26/06/11 Christian ethics

What do you think about when somebody mentions Roman Catholicism.

Go on – be completely honest. I’m guessing that a number of things wander through the mind – child abusing priests – bizarre icon worshipping cult – exclusive – judgemental – misogynistic and so on.
Not withstanding my childhood flirtation with sectarianism, I had some of these thoughts dancing through my mind as I entered a church for the first time in years last week.

A friend of Ella’s had taken her own life. This was her funeral lead by a Catholic priest.

I felt genuine concern that he would make an arse of it. That he would perhaps latch on to one of the ancient doctrines that she had committed a mortal sin and would be condemned to eternal Hell and damnation.

It turned out that I was the fool.

He spoke of his own sadness – he spoke in gentle terms of her ‘choosing to leave the stage’ – he spoke of an illness that had been difficult to manage – he talked about the internal mental struggle of life against death that resides in us all – he normalised it.

He didn’t quite state ‘there but for the grace of god…’ but his words implied it.

He also understood people’s response to such an act. He spoke of the need to allow the flow of any emotions – including anger – in everyone attending.
Such a huge contrast to the words that I heard when my own mum died when I was 12, where well meaning friends and family told me I had to be ‘strong for your dad’.

I felt the whole sad story had been beautifully dealt with. I hoped that this would be the launchpad required to ensure future help and support for her bereaved husband and boys.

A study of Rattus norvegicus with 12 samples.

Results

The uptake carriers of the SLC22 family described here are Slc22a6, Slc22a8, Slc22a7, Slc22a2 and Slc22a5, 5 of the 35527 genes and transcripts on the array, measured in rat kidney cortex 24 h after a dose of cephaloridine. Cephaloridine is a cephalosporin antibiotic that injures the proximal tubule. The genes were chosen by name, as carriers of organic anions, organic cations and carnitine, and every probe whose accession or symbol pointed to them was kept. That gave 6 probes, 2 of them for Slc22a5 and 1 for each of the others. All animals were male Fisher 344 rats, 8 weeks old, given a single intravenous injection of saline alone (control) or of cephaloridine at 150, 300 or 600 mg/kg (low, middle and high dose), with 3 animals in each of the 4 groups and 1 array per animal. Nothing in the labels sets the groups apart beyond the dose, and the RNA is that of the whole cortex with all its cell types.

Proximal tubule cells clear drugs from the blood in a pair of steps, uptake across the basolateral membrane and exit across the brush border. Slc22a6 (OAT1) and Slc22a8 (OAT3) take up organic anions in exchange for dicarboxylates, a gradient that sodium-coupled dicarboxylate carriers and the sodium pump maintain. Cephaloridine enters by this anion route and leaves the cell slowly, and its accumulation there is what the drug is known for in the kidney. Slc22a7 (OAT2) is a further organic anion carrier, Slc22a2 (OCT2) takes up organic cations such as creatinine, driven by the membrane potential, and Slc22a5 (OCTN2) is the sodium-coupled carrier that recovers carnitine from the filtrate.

My second brush with Catholic church later in the week was equally enlightening.

I had the good fortune – and I do mean the good fortune to attend the confirmation of a friends daughter.
I can’t pretend to understand the religious ramifications of this act – all I can talk about was how I saw it.
I spoke to my friend who had only recently converted to the faith –
“What does it give you?” I asked.
He spoke of community, of friends, of support, of peace.

He told me that he knew that, every week, he would have a peaceful time and place – no matter how crazy and wild the outside world was, he knew this place would be there for him.

I’m an atheist.

It would be so easy for me to mock this whole event as some weird ritual.

What I saw was inclusion and the active involvement of everyone there – I saw community, I saw society.

I didn’t see war, hatred of others. I saw the excited faces of children, the happy faces of parents as they watched and greeted their friends. I listened to the choir of children singing joyously throughout.

As an atheist – as atheists – we don’t have such community. We don’t gather in places to rejoice in friendship and kinship. We shout that we are without judgement although we do allow ourselves a little sneer at the poor deluded religious types.

In all religious writings you will find hatred, anger and fear. At the same time though, you will find love and tolerance.

Walk a mile


This entry was posted in mental health, Uncategorized, walking and tagged , , . Bookmark the permalink.